Vail Daily column: What do parties say about housing and mortgages?
July 29, 2016
If you imagined that the presidential race could not get much more convoluted, then sit down and read the party platform statements. Also, please be sure you have a few grains of salt on your margarita glass while you are reading them.
Since housing and mortgages are two of my pet subjects, I decided to look points made by both parties. The Republicans actually have some reasonable ideas and some unreasonable ones.
They pose that the lending rules should be largely decided by the free market, with some government oversight and assistance. The platform notably backs off of the previous chorus of Republican voices calling for getting rid of Fannie Mae and Freddie Mac, and describes in some ways the two agencies should be allowed to operate freely again.
The GOP also calls for reigning in the Consumer Finance Protection Bureau. While that bureau has a name that sounds as though it would rally for the rights of orphans and widows, it's far more complex than that. As someone who has to deal with this little dictatorship — er, sorry, I meant to say agency — I'm of the firm opinion that if we turned the job over as a group project to a bunch of six-year-olds, the American people would be better served.
The Consumer Finance Protection Bureau was designed to be unaccountable to Congress or the American people, and has unnecessarily created considerable havoc in the U.S. mortgage markets. All of its accomplishments are of questionable benefit. They enforce by decree, often make up the rules as it suits their short term agenda and target small institutions that do not have a billion dollars to spend on lawyers. It was an interesting social experiment, but it's not working.
Another interesting point raised by the Republicans is limiting FHA to serving only low- to middle- income individuals. The question remains — who decides what high income constitutes? In our area, FHA loans are becoming more and more popular with families making over $100,000 a year, which here is middle class, but which would be viewed as "helping the rich" in most of the states. I can't abide by that idea. Very few truly wealthy people would bother with an FHA loan; they are more expensive and really don't serve anyone who could otherwise get a conventional loan.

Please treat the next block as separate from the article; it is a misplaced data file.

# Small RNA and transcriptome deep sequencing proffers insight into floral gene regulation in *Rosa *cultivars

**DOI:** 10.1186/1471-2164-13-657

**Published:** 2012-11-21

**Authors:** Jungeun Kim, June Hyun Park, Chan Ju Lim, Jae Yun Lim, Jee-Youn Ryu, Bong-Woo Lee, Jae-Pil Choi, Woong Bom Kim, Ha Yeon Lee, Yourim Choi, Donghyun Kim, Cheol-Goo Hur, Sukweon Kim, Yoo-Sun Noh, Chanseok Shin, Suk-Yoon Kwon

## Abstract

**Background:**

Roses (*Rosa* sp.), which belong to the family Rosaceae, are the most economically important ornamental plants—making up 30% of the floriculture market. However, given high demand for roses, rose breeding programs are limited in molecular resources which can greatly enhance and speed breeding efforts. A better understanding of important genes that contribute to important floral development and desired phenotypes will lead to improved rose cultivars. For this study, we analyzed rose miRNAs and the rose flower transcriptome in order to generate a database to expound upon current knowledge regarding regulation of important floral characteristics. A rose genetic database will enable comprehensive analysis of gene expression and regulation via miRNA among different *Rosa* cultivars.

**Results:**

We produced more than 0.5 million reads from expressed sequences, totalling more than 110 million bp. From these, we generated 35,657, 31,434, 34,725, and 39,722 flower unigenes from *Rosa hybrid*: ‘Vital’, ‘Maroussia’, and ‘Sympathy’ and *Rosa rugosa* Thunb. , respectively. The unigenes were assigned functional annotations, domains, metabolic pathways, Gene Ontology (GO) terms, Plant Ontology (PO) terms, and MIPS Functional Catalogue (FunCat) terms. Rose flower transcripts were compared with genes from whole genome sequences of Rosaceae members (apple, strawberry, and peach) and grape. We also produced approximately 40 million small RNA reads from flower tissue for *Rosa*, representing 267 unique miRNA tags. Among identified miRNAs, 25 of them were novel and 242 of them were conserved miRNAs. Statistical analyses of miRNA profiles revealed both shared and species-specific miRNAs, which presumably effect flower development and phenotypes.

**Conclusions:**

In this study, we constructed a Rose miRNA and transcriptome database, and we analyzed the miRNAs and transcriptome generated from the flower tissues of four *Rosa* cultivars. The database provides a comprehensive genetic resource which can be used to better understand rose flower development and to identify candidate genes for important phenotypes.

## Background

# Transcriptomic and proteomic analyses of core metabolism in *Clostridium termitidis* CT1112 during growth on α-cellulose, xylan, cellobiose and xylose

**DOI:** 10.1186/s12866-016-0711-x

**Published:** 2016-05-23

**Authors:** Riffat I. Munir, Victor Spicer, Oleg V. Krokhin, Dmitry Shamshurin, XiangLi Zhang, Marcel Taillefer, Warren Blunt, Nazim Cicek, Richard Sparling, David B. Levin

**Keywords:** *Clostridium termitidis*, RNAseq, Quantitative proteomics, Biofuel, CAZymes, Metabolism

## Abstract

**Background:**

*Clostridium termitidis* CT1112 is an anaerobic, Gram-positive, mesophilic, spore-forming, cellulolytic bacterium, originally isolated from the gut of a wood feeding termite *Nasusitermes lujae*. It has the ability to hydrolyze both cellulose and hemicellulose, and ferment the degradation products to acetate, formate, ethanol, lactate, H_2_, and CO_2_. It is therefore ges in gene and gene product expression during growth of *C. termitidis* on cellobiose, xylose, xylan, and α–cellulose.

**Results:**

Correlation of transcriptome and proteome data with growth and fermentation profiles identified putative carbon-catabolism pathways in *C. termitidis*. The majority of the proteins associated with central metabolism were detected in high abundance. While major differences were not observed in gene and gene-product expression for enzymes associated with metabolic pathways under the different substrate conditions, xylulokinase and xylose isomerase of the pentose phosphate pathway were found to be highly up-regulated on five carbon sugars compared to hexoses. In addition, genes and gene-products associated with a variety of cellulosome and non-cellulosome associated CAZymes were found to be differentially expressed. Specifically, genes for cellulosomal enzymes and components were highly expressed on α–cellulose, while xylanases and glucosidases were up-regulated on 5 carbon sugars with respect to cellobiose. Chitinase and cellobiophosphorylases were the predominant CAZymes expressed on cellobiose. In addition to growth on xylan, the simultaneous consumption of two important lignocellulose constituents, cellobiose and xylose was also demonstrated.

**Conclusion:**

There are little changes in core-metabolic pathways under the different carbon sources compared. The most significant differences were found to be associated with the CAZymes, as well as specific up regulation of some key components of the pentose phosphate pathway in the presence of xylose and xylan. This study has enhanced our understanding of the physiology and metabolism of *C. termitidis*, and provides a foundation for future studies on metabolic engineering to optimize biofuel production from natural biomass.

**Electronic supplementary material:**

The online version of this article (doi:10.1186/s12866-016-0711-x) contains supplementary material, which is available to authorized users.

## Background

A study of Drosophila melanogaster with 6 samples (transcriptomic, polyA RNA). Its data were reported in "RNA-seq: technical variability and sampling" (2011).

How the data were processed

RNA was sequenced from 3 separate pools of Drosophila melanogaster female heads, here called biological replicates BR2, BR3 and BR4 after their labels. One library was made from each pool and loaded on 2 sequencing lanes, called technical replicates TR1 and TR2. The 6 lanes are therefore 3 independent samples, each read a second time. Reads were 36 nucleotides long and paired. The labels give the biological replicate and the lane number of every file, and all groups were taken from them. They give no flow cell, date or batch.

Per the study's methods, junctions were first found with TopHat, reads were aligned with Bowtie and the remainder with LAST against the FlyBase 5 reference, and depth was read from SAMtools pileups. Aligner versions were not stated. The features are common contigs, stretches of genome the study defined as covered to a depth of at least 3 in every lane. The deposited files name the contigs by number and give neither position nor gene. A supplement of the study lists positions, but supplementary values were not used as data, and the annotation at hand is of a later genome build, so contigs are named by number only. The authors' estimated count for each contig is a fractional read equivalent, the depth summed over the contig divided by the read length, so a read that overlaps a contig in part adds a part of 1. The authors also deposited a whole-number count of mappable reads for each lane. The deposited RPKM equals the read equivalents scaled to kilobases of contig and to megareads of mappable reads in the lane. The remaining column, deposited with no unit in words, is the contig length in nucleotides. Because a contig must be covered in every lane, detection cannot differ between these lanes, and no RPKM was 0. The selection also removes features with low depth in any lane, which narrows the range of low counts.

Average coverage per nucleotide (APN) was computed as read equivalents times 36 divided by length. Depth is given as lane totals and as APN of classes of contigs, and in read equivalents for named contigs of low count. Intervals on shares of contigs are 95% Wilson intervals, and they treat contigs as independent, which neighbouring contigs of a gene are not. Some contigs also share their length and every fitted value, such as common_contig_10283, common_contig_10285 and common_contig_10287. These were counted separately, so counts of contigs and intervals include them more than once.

The Democrats have some contrasting views on the subject. The Dems just love the Consumer Finance Protection Bureau, probably because it was a pet project of the Obama administration. They are conveniently blind to its misdeeds.
The Democrats acknowledge there is an affordability crisis in housing in many markets, but they do not pose any solutions. They are completely silent on the future of Fannie Mae and Freddie Mac, and don't mention FHA even once, which is not surprising, because FHA has pretty well addressed its problems and is profitable and does not pose any real threat to the taxpayers that I can see. The mention of limiting the agency by the Republicans seems more intentional inflammatory rhetoric than anything.
The Dems also note that "the Republican Nominee" — they can't seem to bear to mention his name — bet big on the housing crisis and profited from it.
Overall, it's a mixed bag, and housing and mortgages make up only a few paragraphs of these 50-page-plus documents, and there are opposing points on dozens of issues. Certainly the two individual candidates could not be more opposite. It's hard to completely disagree with either candidate or their platform. It seems that this time around we truly are charged to decide who we disagree with the least.
Chris Neuswanger is a loan originator at Macro Financial Group in Avon and may be reached at 970-748-0342. He welcomes mortgage related inquiries from readers. His blog and a collection of his columns may be found at http://www.mtnmortgageguy.com.